I have a Cocker Spaniel at home that is 12 years old. He suffers from severe hip dysplasia an abnormal formation of the hip socket that, in its more severe form, can eventually cause crippling lameness and painful arthritis of the joints. The dysplasia is so severe that at one point he lost all mobility. He was basically a paralyzed dog. It was heartbreaking hearing him cry because he couldn't move or walk to his food bowl. We had to put him in diapers and put dog pads because he couldn't go outside. He was in so much pain that at one point he didn't want anyone to touch him. I immediately went online searching for a solution and started educating myself about pet products with hemp or cannabis oil. 

Mothers With One Child Are Happiest ? Do you Agree?





Conventional wisdom dictates that people become parents because children bring joy. But do they really? For scientists studying the subject, simply correlating parenthood and happiness can't answer this question, since happy people might be more likely to have kids to begin with. But a recent study that compared happiness levels in adult identical twins--some of whom are parents and some who aren't--may be getting to the bottom of the issue.

In a study, headed by sociology professor Hans-Peter Kohler of the University of Pennsylvania, found that people with children are, in fact, happier than those without children. But such happiness gains differ for mothers and fathers.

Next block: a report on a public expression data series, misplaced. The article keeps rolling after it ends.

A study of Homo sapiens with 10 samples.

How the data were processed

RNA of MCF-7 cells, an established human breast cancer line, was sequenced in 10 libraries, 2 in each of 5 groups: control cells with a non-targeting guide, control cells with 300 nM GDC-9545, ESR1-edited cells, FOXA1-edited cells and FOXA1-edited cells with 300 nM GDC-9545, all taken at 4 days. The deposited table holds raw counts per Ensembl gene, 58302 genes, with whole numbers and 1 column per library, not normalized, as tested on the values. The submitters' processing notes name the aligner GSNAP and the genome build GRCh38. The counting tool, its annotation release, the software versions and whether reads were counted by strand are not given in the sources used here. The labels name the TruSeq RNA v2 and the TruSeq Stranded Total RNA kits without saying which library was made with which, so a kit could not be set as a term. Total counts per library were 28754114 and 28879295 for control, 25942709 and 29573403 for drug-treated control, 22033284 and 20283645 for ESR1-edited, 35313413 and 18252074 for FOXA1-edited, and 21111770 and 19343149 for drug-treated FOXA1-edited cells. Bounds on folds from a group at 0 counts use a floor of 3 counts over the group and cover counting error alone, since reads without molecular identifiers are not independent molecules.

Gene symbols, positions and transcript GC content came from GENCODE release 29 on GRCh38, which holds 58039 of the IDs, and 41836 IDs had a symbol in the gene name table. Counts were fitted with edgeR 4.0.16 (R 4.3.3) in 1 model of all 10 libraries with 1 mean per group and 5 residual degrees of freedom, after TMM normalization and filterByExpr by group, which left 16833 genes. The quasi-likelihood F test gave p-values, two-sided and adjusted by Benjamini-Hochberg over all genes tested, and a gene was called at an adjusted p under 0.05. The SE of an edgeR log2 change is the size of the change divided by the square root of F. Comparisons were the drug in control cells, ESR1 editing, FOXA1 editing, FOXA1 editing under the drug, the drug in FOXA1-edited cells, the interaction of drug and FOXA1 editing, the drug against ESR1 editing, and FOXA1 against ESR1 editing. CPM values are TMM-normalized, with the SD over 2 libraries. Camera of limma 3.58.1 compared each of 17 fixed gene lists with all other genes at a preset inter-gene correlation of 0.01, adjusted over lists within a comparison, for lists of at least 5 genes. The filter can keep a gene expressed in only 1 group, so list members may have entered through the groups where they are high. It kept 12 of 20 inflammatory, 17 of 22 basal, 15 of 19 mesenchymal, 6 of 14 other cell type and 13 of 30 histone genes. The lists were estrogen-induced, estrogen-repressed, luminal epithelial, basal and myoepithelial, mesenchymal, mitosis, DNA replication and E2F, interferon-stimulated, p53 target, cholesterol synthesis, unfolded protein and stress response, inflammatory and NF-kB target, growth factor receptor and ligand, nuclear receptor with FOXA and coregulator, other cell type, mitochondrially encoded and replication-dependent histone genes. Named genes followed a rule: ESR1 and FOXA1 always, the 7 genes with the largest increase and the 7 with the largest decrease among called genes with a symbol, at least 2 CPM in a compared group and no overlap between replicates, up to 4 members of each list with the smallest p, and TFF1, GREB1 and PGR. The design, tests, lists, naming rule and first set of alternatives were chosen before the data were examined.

In comparing identical twins, Kohler found that mothers with one child are about 20 percent happier than their childless counterparts; and while fathers' happiness gains are smaller, men enjoy an almost 75 percent larger happiness boost from a firstborn son than from a firstborn daughter. The first child's sex doesn't matter to mothers, perhaps because women are better than men at enjoying the company of both girls and boys, Kohler speculates.

Interestingly, second and third children don't add to parents' happiness at all. In fact, these additional children seem to make mothers less happy than mothers with only one child—though still happier than women with no children.

"If you want to maximize your subjective well-being, you should stop at one child," concludes Kohler, adding that people probably have additional children either for the benefit of the firstborn or because they reason that if the first child made them happy, the second one will, too.

Kohler adds that most previous research has asked how specific factors—such as marriage or childbirth—contribute to happiness. His study, in contrast, asks a general question about parenting and happiness.

Thoughts? 

Personally, I believe this study is controversial and does not take in consideration cultural, religious and individual circumstances.